In this case, CU means cumulative update for Windows 10. Servicing stack updates, also known as SSUs, pave the way for successful CU installs. As the MS Servicing stack updates web page explains, these updates “provide fixes to the servicing stack, the component that installs Windows updates.” In essence, that means SSU updates make sure that any potential gotchas that might prevent the CU from installing correctly are addressed before the gotchas can bite. This quote explains what’s up. “If you don’t install the latest servicing stack update, there’s a risk that your device can’t be updated with the latest Microsoft security fixes.” Hence also the title: Win10 Servicing Stack updates support CUs. Got that?
How Is It That Win10 Servicing Stack Updates Support CUs?
SSUs are supposed to be released at the same time that monthly quality updates and CUs are released. Sometimes, an SSU may go out on its own to address issues that affect systems installing a monthly update of some kind. Starting November 2018, new SSUs are classifed as Security updates with a “Criticial” severity rating. You can look at SSUs as a kind of just-in-time update that prepares systems to accept and work with other updates. It’s all good, right?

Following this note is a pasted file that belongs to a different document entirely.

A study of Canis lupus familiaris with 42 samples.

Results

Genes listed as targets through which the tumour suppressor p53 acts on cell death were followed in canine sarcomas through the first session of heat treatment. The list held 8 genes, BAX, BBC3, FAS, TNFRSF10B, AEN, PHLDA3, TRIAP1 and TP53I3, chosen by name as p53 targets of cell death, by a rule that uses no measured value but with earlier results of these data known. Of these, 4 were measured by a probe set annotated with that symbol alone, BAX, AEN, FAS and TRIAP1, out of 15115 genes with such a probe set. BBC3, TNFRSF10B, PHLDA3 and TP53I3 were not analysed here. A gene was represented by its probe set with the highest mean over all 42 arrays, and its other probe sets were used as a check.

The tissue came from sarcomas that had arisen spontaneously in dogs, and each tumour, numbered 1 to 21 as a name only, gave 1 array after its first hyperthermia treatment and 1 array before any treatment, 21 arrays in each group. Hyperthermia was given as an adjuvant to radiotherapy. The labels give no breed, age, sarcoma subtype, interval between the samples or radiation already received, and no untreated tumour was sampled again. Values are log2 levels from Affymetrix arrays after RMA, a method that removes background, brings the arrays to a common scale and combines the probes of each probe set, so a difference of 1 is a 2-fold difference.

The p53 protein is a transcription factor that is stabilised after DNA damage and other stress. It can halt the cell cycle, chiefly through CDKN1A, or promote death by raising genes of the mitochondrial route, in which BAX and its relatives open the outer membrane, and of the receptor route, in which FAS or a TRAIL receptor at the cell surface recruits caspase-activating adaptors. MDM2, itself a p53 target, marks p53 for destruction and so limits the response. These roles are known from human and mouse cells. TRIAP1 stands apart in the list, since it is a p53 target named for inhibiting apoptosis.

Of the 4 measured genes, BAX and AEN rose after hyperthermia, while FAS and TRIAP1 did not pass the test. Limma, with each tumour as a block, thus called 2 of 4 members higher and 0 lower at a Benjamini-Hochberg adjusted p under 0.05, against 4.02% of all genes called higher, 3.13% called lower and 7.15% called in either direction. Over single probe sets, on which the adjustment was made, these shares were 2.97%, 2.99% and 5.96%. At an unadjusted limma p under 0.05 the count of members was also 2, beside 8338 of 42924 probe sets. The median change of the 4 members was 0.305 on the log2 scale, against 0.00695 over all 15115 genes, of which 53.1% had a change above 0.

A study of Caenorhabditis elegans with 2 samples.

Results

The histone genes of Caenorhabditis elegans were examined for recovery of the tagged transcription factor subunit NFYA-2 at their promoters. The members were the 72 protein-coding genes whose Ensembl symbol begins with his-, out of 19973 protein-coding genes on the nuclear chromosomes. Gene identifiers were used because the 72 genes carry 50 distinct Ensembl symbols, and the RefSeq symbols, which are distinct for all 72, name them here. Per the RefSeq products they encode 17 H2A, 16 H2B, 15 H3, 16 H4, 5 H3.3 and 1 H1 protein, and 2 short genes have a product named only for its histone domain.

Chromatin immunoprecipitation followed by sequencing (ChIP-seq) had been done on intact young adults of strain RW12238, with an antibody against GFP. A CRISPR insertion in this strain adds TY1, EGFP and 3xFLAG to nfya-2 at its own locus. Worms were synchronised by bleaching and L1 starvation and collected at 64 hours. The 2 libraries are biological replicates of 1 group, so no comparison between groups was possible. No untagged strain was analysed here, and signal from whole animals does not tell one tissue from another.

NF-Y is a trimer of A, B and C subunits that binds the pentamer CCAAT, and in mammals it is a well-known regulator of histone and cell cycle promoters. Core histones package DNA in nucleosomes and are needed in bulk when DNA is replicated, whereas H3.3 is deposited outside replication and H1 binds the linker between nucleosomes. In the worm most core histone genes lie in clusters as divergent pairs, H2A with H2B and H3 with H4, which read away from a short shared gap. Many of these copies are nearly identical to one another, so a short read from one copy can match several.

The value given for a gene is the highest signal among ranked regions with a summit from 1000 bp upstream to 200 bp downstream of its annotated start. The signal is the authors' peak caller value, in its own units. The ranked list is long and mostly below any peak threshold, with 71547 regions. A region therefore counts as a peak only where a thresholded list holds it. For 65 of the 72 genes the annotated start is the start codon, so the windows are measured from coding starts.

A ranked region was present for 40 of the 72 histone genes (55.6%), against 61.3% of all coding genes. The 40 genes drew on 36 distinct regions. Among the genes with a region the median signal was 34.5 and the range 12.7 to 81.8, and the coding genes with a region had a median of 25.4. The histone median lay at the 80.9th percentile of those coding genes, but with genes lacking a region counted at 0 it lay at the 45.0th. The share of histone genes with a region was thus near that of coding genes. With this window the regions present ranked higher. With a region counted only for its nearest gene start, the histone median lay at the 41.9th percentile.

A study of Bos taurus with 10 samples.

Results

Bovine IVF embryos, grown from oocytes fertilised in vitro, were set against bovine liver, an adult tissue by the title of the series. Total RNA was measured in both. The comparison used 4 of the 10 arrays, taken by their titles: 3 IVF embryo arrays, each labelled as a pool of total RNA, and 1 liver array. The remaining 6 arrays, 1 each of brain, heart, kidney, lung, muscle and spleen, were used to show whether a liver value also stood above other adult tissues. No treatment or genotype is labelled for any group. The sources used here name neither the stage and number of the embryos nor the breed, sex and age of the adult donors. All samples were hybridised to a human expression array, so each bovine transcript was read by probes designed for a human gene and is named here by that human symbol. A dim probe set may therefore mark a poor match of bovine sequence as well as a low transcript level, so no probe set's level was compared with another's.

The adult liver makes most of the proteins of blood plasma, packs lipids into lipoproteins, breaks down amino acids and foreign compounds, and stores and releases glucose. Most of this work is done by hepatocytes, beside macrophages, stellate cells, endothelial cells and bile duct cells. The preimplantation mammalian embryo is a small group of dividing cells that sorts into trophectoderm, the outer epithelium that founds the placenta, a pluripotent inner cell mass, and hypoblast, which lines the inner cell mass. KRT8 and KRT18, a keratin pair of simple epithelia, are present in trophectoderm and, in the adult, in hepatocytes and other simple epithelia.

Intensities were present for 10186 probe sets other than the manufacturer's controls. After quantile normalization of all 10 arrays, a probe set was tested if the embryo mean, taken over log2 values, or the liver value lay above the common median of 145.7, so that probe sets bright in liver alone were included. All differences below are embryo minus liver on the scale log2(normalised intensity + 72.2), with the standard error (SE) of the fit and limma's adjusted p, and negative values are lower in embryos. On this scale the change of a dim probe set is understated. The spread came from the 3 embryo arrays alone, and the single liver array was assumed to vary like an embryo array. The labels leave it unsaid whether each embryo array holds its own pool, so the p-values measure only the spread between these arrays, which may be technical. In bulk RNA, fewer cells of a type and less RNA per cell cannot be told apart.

There’s just one little gotcha when it comes to SSUs. They don’t appear in the Windows 10 Update History. For the record, the most recent SSU (dated 12/4/2018) is KB4470788. Note this snippet from my Lenovo T520 laptop, onto which I installed the latest updates yesterday.
Note the absence of an SSU entry in the preceding list. Nothing is numbered 4470788. What’s up with that?
Oh, it’s there all right. MS chooses not to show it in its Update History list for some odd reason or another. If you use the DISM /Online /Get-Packages command, it shows up near the end of that listing, like this:
The red arrow flags the KB4470788 entry, and shows it appears as a Security Update as claimed earlier. Perforce it’s installed before the CU (RollupFix item at end of list).